White Cockatoo Cacatua alba


  • EN Endangered
  • Names (18)
  • Monotypic

Identification

46 cm; 550 g. White 

cockatoo with underside of wings and tail washed yellow; large backward-sloping white crest 

, which is spread upwards  and sideways to make head  seem very large, but crest feathers  not as long as those of C. moluccensis; pale yellow feather bases; periophthalmic ring whitish to yellowish white; bill grey-black; legs and feet grey; eye black in male, red-brown in female. Juvenile like adult, but eye dark grey.

Systematics History

Closely related to C. moluccensis. Monotypic.

Subspecies

Introduced to Taiwan.

Distribution

N Moluccas: Halmahera, Ternate, Tidore, Kasiruta, Mandioli and Bacan. Specimens from Bisa and Obi thought to have been escapes.

Habitat

Flat or gently sloping primary and logged lowland forests  below altitude of 600 m.

Movement

Never recorded in large flocks; generally in pairs or small groups.

Diet and Foraging

Mainly arboreal seeds and fruits; birds seen bark-peeling and investigating epiphytes suggest that species may also eat insects.

Sounds and Vocal Behavior

Commonest calls are a nasal monosyllabic or bisyllabic “keh” or “keeh-ah”, and a fast repeated series of much harsher short notes, “kreh-kreh-kreh-kreh…”.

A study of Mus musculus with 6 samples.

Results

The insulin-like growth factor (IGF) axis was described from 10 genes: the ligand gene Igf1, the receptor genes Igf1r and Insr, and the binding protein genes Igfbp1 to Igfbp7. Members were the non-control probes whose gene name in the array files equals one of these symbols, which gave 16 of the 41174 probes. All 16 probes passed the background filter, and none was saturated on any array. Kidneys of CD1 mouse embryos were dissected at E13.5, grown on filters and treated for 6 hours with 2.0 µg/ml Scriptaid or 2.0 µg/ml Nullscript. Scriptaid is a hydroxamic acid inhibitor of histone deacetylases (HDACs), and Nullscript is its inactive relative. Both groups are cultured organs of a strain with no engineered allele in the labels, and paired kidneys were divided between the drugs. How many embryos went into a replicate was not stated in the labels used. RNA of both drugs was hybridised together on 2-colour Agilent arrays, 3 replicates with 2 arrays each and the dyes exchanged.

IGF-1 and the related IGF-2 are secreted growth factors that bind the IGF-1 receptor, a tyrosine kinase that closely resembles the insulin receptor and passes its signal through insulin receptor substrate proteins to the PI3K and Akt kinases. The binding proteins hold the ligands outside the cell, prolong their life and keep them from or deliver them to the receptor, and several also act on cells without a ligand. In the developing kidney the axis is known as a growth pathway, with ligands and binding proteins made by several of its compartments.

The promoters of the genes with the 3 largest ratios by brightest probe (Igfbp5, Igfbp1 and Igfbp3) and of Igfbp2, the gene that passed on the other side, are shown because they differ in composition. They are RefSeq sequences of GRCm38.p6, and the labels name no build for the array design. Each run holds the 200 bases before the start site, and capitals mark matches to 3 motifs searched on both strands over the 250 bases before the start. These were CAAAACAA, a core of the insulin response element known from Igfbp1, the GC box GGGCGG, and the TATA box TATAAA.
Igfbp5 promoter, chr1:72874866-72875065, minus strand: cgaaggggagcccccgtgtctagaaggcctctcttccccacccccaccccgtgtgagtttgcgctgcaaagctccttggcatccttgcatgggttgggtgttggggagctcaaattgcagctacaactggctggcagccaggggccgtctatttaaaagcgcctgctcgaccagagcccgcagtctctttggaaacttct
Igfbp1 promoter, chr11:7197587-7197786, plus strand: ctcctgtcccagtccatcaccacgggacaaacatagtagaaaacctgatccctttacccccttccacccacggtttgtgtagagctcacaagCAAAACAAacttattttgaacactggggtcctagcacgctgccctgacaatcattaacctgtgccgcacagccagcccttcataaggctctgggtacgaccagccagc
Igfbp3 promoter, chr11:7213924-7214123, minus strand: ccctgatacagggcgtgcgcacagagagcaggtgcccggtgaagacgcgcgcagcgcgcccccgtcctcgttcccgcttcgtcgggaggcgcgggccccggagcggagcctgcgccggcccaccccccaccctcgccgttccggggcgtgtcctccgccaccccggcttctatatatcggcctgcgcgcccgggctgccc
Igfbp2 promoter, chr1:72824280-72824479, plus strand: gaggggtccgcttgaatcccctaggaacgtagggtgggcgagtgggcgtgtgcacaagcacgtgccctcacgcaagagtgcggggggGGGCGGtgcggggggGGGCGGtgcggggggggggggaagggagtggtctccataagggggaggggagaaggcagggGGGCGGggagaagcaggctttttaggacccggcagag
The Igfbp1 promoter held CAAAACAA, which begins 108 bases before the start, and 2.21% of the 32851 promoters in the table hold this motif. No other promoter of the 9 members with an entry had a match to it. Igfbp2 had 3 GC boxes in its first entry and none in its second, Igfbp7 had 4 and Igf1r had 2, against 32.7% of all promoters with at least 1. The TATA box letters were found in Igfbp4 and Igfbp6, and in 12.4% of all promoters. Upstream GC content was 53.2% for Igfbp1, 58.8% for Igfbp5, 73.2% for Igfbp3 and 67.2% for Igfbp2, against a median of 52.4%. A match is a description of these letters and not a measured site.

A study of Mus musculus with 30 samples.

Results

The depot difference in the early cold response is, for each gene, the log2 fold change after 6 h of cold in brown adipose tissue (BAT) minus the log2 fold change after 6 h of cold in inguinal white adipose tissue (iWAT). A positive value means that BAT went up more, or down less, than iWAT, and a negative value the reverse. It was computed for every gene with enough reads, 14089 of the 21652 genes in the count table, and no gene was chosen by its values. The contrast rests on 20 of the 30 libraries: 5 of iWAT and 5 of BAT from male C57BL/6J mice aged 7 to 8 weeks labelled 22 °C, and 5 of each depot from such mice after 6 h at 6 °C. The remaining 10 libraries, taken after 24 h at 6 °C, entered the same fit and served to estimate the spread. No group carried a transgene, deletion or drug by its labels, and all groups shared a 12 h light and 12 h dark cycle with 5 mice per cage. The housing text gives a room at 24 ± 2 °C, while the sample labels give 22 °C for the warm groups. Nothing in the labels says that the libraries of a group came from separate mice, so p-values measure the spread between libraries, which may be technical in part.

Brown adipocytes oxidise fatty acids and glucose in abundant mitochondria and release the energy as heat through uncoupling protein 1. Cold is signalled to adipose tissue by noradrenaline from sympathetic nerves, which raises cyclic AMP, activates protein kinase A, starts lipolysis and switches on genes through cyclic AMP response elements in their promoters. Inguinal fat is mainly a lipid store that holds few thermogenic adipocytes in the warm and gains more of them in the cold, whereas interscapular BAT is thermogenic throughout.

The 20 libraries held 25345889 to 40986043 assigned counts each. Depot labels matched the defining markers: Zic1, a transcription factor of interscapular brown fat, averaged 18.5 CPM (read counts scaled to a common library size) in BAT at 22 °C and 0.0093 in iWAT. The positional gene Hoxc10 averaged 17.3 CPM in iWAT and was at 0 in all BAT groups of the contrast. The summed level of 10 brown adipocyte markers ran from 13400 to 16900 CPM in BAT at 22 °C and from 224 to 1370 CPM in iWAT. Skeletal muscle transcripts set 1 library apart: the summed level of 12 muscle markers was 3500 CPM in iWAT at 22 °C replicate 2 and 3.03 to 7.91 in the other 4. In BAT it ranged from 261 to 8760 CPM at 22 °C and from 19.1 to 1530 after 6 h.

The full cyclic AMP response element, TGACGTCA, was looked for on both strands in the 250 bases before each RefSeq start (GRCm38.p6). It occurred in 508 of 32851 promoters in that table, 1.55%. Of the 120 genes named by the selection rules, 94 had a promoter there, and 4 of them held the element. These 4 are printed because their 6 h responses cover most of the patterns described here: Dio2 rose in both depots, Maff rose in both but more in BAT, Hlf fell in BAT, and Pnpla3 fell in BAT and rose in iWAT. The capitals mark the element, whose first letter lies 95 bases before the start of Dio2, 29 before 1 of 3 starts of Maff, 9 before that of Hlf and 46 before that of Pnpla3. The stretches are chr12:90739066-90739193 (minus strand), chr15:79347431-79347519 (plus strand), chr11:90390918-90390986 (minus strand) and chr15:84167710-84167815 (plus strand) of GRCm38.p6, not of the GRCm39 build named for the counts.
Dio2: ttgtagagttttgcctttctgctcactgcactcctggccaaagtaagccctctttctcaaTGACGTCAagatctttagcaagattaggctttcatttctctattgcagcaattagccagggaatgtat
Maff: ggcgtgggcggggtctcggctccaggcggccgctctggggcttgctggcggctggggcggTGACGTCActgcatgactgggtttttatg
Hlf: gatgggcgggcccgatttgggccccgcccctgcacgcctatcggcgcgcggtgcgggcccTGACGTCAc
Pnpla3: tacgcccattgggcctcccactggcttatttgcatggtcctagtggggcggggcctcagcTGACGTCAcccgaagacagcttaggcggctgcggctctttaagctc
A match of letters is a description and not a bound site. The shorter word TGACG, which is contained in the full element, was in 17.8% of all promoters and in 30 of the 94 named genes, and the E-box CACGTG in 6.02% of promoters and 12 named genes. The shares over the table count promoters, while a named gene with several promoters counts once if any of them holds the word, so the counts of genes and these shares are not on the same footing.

Breeding

Limited records from the wild suggest breeding starts early in year, with young in Apr–May, but also eggs in May. Nests in hollows in large forest trees. 2–3 eggs; incubation 27–28 days; chick has sparse bright yellow down; aviary-reared young remain in the nest for c. 14 weeks.

Conservation Status

 

ENDANGERED. CITES II. Previouslly considered Vulnerable. Although species used to be common throughout N Moluccas, numbers now much reduced due to logging of habitat, particularly the tall trees used for nesting in, and also due to trapping.

Population estimates in 1991/92 were of 49,765–212,430 birds, of which 5120–7500 were caught, 937 being exported; legal quota for trappers has been reduced. Currently, both adults and young are taken, and it is considered that this level of exploitation is not sustainable. Research and survey work required.